Stem Flow, Throughfall, and Canopy Interception of Rainfall by Citrus Tree Canopies

  • | 2 University of Florida, Institute of Food and Agricultural Sciences, Citrus Research and Education Center, 700 Experiment Station Road, Lake Alfred, FL 33850
  • | 3 University of Florida, Institute of Food and Agricultural Sciences, Indian River Research and Education Center, 2199 South Rock Road, Fort Pierce, FL 34945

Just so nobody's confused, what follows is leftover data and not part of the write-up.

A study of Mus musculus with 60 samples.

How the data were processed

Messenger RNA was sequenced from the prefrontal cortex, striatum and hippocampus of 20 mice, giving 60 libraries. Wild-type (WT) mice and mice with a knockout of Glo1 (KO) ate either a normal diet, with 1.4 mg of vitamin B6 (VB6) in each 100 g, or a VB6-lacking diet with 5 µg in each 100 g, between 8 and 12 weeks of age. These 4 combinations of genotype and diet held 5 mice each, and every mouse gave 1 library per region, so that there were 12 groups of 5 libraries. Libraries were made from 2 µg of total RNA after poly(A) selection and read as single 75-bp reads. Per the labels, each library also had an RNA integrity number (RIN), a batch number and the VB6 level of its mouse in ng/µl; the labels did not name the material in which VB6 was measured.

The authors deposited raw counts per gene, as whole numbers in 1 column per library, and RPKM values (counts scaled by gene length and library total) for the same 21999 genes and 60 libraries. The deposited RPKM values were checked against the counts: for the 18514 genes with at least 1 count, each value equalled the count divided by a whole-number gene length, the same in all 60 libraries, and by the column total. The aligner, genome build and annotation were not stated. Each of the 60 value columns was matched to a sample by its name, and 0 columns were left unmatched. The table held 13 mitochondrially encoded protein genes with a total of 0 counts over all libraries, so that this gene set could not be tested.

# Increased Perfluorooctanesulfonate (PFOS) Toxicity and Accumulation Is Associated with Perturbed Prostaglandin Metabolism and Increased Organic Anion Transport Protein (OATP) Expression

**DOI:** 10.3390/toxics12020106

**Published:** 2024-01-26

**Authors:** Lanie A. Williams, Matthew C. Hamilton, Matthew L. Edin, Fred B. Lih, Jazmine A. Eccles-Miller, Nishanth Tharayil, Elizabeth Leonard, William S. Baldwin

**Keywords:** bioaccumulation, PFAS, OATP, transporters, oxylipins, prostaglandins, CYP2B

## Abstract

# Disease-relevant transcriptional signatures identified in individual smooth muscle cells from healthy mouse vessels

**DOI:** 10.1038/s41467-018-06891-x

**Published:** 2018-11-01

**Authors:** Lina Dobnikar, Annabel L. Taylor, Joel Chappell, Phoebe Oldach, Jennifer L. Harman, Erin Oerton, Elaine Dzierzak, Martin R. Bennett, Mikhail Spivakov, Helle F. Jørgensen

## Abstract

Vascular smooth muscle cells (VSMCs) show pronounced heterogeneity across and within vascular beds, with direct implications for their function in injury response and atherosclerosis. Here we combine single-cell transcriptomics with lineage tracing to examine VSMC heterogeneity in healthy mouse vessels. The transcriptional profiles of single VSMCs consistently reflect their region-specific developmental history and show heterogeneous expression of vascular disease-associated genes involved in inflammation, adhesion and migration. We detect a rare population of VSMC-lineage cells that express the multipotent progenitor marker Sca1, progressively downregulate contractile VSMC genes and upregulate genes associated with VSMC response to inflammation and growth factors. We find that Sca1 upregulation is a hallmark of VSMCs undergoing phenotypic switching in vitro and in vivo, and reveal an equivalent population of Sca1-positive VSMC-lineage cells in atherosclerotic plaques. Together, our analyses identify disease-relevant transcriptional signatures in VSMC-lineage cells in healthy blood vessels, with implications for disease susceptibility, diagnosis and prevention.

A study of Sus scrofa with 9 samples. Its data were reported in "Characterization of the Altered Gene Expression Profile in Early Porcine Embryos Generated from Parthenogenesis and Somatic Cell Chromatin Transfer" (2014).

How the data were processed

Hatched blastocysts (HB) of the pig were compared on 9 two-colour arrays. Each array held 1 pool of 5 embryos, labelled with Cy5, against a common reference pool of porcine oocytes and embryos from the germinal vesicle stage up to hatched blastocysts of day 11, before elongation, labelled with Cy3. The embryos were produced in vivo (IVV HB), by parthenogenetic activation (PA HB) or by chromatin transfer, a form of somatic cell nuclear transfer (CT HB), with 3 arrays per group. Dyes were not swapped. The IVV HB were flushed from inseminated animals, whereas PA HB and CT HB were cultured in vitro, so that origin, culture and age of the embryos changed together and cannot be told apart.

It is generally believed that the interception of rain by the citrus tree canopy can substantially decrease the throughfall under the canopy as compared to that along the dripline or outside the canopy (incident rainfall). Therefore, the position of placement of soil-applied agrichemicals in relation to the tree canopy may be an important consideration to minimize their leaching during rain events. In this study, the distributions of rainfall under the tree canopies of three citrus cultivars, `Marsh' grapefruit (Citrus paradisi Macf.), `Hamlin' orange (Citrus sinensis L. Osbeck), and `Temple' orange (Citrus hybrid), were evaluated at four directions (north, south, east, west), two positions (dripline and under the canopy), and stem flow. There was not a significant canopy effect on rainfall amounts from stem flow or dripline, compared with outside canopy, for any citrus cultivar or storm event. However, throughfall varied significantly among the four cardinal directions under the canopy of all three citrus cultivars and was highly related to the wind direction. Among the three citrus cultivars evaluated in this study, throughfall, stem flow, and canopy interception accounted for 89.5% to 92.7%, 0.5% to 4.7%, and 5.8% to 9.3% of the incident rainfall, respectively.